Marina Abramovic is a New-York based Serbian performance artist who begun her career in the early 1970s.


In 2002 Annet Gelink Gallery presented a solo exhibition by Marina Abramovic. She presented the film 'The Hero (for Antonio)', 2001. The work is a 16-mm b/w film shows a proud white stallion with a rider, in whose right hand is a flag. An old partisan song can be heard in the background, sung by a woman in a Slavic language. Horse and rider stand stock-still in a hilly landscape. It's as if they have been frozen on the battlefield, just before or just after the battle has taken place. The only things that move are the fluttering flag, the horse's mane and the rider's hair. The rider is not a man however, as one would expect, but Abramovic herself. She does not sit haughtily in the saddle with her chest expanded, as a rider in a classical equestrian statue, but she is somewhat bent over. And the flag she carries with such difficulty is not the proud symbol of her country but a white flag, the sign of submission.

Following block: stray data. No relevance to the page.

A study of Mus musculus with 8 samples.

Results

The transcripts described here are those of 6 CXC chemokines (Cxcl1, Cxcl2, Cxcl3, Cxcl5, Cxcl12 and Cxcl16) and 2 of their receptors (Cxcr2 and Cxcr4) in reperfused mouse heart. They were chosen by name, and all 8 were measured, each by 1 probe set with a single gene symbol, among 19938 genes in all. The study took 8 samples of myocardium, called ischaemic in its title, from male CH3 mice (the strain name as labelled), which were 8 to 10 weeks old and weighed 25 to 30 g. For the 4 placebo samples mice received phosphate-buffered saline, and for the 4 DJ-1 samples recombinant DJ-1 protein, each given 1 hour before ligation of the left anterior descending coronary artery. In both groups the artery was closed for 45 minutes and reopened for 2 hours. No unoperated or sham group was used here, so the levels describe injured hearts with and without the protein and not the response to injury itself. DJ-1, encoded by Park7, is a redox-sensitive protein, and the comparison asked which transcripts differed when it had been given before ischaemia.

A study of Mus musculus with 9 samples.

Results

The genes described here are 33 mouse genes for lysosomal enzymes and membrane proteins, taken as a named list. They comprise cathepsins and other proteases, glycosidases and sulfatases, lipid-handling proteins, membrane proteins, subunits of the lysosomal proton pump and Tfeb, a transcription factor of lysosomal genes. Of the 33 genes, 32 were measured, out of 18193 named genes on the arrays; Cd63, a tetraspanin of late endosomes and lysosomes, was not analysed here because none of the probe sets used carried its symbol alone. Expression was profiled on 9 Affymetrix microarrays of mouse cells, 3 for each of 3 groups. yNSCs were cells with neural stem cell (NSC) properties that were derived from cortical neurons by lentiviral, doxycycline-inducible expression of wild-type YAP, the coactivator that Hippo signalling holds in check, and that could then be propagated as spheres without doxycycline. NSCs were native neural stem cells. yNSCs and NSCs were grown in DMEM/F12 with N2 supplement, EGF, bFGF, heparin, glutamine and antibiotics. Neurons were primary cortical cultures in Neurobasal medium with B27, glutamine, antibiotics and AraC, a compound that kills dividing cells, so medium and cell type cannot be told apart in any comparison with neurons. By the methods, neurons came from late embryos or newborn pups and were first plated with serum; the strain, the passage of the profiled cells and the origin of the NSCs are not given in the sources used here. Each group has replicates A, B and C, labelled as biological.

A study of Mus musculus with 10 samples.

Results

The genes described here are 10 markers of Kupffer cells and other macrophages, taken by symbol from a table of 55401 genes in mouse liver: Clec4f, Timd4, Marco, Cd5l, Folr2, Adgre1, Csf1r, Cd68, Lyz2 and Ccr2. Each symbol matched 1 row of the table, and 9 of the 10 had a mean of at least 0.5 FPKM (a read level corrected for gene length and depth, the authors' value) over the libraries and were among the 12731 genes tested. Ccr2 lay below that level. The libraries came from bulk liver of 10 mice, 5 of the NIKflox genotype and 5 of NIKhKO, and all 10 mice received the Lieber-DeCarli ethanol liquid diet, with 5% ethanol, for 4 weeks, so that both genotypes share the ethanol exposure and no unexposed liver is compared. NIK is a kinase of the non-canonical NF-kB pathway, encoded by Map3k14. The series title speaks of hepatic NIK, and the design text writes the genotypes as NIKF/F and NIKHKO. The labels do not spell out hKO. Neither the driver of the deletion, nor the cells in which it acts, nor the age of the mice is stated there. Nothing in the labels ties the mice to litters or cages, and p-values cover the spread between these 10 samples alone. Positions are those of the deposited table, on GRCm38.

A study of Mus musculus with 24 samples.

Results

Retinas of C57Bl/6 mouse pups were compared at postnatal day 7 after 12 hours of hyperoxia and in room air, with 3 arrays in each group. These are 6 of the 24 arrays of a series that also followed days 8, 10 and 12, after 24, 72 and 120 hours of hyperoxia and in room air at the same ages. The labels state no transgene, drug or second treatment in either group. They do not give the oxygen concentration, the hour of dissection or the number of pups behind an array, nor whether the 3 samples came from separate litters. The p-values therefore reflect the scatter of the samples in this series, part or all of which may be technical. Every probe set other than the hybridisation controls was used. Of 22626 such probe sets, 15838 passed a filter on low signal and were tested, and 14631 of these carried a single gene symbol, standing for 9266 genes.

The work came about during the summer of 2001 and was commissioned by the Fundación NMAC, Montenmedio Arte Contemporaneo in Spain. Marina Abramovic was invited there with nine other artists, among them Maurizio Cattelan, Anya Gallaccio and Sol le Witt, to carry out a site-specific project. NMAC is an initiative of Jimena Blázquez Abascal; its goal is to create a dialogue between art and nature. The Montenmedio estate is a nature reserve, and the artists were asked to base their work on the area's natural resources.

In addition to this work, Abramovic also produced the work 'Human Nests' in Montenmedio. She went to an old stone quarry and made seven holes at varying heights in the quarry's steep walls. The holes, which are just large enough to accommodate a sitting human figure, can serve as resting places during a journey or an escape. They offer protection, but they also provide a sense of vulnerability to whoever sits in them. The deep concentration that is required to enable one to sit there at such a great height creates a heightened awareness of the here and now.